Firms backing the Vertical Farming Manifesto and Identity Statement promise to set industry-wide sustainability standards
Vertical farming companies from around the world have joined together to launch the burgeoning industry's first collective manifesto, promising to set out "clear and bold" sector-wide standards to help firms deliver on their potential to bolster global climate action and food security.
More than 20 vertical farming firms have backed the Vertical Farming Manifesto and Identity Statement, which was launched on Tuesday at the Vertical Farming World Congress in Brussels, Belgium.
The documents set out the industry's vision for how it can play its part in transforming current food systems to help solve what is described as "one of humanity's toughest challenges" - that of providing food for a growing population in a sustainable and circular way.
More than 20 vertical farmers from across the world signed the Manifesto and Identity Statement, including Infarm, 80 Acres, AeroFarms, Bowery, Crop One, CubicFarms, Elevate Farms, Fifth Season, Fischer Farms, Freight Farms, and Stacked Farm, among others.
Proponents of vertical farming, which sees plants and crops such as fruit, vegetables, herbs, and salad leaves grown indoors in controlled environments in vertically stacked layers, argue the practice offers many environmental and efficiency advantages on traditional farming methods.
The industry manifesto claims vertical farming can help to localise production, control the growing environment and shield crops from volatile weather, while requiring less land and water. Moreover, it argues vertical farming also results in fewer transport and logistics emissions as such farms can be located in urban areas closer to higher populations.
However, some critics have questioned the energy footprint of the approach and the industry, like many others, has come under pressure from soaring energy costs.
The Identity Statement argues that with global populations expected to grow to 10 billion by 2050, "current food systems cannot serve the ever-growing demand and ensure reliable access to food", and that vertical farms therefore have a key role to play in building a more sustainable food system.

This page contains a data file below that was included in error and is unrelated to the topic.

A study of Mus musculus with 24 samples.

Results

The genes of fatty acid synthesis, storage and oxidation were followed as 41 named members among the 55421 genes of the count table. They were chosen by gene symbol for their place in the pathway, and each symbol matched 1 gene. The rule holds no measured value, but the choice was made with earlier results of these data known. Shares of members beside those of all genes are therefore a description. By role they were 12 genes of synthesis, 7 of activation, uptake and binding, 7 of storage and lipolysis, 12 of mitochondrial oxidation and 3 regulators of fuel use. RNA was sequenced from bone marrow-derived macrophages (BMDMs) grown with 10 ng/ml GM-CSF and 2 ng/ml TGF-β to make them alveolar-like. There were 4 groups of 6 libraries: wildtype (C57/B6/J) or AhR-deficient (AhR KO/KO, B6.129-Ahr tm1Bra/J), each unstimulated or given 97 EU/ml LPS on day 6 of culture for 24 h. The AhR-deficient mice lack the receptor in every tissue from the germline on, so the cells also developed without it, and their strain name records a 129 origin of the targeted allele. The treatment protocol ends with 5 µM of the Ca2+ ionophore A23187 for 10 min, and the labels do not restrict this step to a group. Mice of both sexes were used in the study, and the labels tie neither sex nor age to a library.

"We believe that vertical farming can make an important contribution to transforming our food systems and to making them future-proof," it reads. "By decoupling ecosystem destruction from food production through technological means, we reimagine farming from the ground up and are part of the solution to one of humanity's toughest challenges, while reducing the negative impact on the planet."
The Identity Statement comes following steady growth in the industry in recent years, with the market expected to surpass $30bn by 2030.
"We see vertical farming as a technology that must augment and expand traditional farming to solve one of the biggest challenges of our time: feeding a rapidly growing population in an increasingly unstable climate without harming the planet," the Statement adds.
The Manifesto sets out a number of pledges for the sector, including its mission statement "to transform food systems for the benefit of the people and the planet" and "contribute a solution to the deepening ecosystem destruction from food production through technological means".
In addition, vertical farming companies backing the Manifesto have aligned with a range of widely accepted climate and environmental initiatives, such as the Science Based Targets initiative (SBTi), B Corp, or the United Nations Sustainable Development Goals (SDGs), the Manifesto states.
Two farms to sign the Manifesto are from the UK. Jones Food Company, which is headquartered in Lincolnshire, claims to operate Europe's largest vertical farm in Scunthorpe where it has a grow space of more than 5,000sqm.
"As our industry continues to grow it is crucial that we, alongside our colleagues around the world, present a united vision for what we are striving to achieve," said James Lloyd-Jones, CEO of the Jones Food Company. "Together our voices are amplified, championing the numerous benefits of vertical farming and what we have to offer the global food system, namely; growing more of the most delicious fresh food, whilst using far fewer natural resources and bringing us closer to the food we eat."
Jamie Burrows, CEO at London-based Vertical Future, said he was proud to sign the manifesto.
"Our company was founded to make a positive difference to the health of both people and planet and we have built a team focussed on engineering and plant science to improve the quality of crops whilst driving down the production cost, making produce from Vertical Future systems accessible to all," he said.